The rest of the quicklime story

Tina Olson


Let me state the information reported thus far regarding the quicklime bid for 2018 was missing vital information. Quicklime cannot be purchased locally. It has to be purchased from vendors out of state. The verbiage “Purchase Locally” is being misused.

Quicklime is used as part of the treatment process for our water and it has to be brought into the city of Minot. Each year vendors wishing to bid the project must put together their cost for purchasing the quicklime from a qualified vendor and include cost to deliver it into the water treatment plant. For several years, the successful bidders have been local trucking companies. These trucking firms had to go to other states to purchase, pickup, and haul quicklime to Minot. This year a company that actually produces the quicklime and has a strong working relationship with the BNSF Railroad put together a bid, much like several local trucking firms and other vendors. Each firm based their bid on their cost to secure the quicklime, haul it to Minot, and, of course, include their profit margin. LHoist was the low bidder for 2018. The method of delivery will change from it being trucked from other states to it being brought in by railcar.

As part of their due diligence prior to awarding the contract, the city commissioners met with LHoist management to gain better understanding of how they will move the quicklime product from their plant in the southern part of the US to Minot and then to the water treatment plant. LHoist indicated with their long standing business relationship with the BNSF they will bring the product into Minot via rail. They will then contract with two additional local firms to move it from the railcars to the water treatment plant. This means LHoist will be utilizing three local businesses in support of the 2018 contract. They see the value of local business and will not be bringing in their staff and cut out the Minot business community.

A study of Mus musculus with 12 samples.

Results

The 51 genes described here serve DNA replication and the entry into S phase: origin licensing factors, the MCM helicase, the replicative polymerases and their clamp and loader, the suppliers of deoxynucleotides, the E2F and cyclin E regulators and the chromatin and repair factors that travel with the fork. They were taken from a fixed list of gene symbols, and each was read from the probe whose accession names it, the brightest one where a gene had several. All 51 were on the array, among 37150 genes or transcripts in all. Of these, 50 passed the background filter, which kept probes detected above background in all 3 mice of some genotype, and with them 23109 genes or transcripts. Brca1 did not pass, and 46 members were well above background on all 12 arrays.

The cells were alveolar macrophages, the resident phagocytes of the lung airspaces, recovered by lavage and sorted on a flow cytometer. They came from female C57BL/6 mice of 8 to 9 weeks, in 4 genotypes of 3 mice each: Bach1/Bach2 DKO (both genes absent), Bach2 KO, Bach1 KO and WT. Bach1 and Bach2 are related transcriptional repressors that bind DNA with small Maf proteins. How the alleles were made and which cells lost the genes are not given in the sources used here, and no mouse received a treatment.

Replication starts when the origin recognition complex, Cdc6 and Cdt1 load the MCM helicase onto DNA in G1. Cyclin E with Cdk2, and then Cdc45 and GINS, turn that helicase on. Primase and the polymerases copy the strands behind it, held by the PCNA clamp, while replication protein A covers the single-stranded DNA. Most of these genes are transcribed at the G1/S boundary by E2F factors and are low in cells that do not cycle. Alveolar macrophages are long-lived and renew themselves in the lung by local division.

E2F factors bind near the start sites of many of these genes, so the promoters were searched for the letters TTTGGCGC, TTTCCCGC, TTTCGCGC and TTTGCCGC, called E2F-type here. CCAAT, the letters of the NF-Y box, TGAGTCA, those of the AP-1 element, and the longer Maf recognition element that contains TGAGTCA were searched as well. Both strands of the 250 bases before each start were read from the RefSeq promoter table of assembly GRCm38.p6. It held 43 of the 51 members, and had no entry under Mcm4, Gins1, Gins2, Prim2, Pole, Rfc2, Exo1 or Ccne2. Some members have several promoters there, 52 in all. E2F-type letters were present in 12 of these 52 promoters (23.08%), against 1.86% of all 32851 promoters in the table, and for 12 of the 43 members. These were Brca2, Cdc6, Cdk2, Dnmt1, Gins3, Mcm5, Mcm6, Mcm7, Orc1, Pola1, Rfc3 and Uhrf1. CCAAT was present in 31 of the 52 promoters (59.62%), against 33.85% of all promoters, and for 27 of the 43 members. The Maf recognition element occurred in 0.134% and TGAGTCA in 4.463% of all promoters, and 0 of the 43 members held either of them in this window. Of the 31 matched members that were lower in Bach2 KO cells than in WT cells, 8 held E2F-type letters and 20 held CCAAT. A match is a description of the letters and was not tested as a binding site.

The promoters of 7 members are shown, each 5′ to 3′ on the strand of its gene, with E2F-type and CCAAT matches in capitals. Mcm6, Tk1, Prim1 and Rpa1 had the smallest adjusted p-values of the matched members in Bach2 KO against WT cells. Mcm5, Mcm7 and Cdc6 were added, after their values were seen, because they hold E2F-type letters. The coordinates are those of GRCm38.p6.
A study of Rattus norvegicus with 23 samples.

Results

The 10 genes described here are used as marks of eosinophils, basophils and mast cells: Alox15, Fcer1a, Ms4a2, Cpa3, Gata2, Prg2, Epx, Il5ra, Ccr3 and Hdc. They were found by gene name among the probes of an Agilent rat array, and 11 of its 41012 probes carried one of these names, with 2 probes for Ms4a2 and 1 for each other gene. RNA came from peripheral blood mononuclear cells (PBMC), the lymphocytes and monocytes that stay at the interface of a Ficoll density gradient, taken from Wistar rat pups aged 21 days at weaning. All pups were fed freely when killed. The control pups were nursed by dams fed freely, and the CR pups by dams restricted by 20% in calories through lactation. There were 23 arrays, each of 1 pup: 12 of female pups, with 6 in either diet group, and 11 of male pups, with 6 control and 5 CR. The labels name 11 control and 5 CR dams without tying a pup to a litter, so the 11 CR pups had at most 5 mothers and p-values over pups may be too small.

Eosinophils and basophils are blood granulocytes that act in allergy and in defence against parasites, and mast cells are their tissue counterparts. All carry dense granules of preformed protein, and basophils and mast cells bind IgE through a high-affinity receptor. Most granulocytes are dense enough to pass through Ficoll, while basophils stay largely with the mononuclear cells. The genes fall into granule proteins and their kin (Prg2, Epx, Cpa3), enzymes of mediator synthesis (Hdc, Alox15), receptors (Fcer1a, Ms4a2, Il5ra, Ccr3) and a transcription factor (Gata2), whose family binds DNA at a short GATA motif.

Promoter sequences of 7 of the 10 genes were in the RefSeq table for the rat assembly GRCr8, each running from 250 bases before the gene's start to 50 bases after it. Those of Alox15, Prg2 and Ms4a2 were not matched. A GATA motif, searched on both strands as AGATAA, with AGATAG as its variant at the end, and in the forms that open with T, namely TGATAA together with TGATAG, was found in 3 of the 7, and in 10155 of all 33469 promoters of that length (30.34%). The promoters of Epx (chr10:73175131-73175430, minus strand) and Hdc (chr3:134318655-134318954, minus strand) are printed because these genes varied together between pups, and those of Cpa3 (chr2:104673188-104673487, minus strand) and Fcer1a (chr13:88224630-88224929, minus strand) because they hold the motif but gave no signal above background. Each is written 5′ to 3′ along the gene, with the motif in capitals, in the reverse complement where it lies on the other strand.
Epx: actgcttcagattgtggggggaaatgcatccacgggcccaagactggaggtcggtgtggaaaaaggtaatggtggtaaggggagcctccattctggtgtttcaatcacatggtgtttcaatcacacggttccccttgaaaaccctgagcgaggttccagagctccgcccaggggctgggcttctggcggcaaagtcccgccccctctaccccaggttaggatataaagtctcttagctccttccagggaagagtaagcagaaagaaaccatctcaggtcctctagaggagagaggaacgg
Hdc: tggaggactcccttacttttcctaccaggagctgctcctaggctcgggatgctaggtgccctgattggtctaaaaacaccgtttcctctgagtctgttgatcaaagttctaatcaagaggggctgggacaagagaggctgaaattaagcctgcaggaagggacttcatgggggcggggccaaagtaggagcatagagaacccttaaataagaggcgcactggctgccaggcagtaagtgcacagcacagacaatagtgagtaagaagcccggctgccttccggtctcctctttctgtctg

When the prior trucking firms purchased the quicklime from vendors outside of Minot and ND, around 85% of the cost went back to the out of state vendor, leaving only 15% for the local trucking firm and the Minot economy. 2018 will see a larger percentage funneled back into Minot and to three local businesses as a majority of LHoist’s cost is wrapped up in the moving the product from the quicklime plant to Minot.

The end result of LHoist being awarded the water treatment quicklime contract for 2018 is a saving to the City of Minot in neighborhood of $80,000. Not only will they be supporting our local economy by contracting with three local businesses to move the lime from their plant by railcar to the Minot, but they are saving us significant dollars in the process.

Utilization of local business and purchasing locally is significant to our economy. Personally, I shop local as much as possible and with local/hometown businesses. The city council should and I believe does keep this in mind as well when awarding business contracts. However, the bid process is working and to change it to shut off outside vendors could potentially hurt Minot in certain situations, case in point with the quicklime bid going to LHoist in 2018. If they would not have been able to bid, Minot would be paying $80,000 more, and with our economy in a true slump, we cannot afford to just sweep money under the table.

It truly would have been nice if the story presented would have spelled out the process and why the bid was awarded in LHoist. Instead it left many with the feeling that our city council was sticking it to the local businesses, when in reality three businesses will see benefit from the method LHoist will use to bring the product into Minot. Thank you to the city council for working hard for the citizens of Minot and working within the process and procedures established when awarding bids.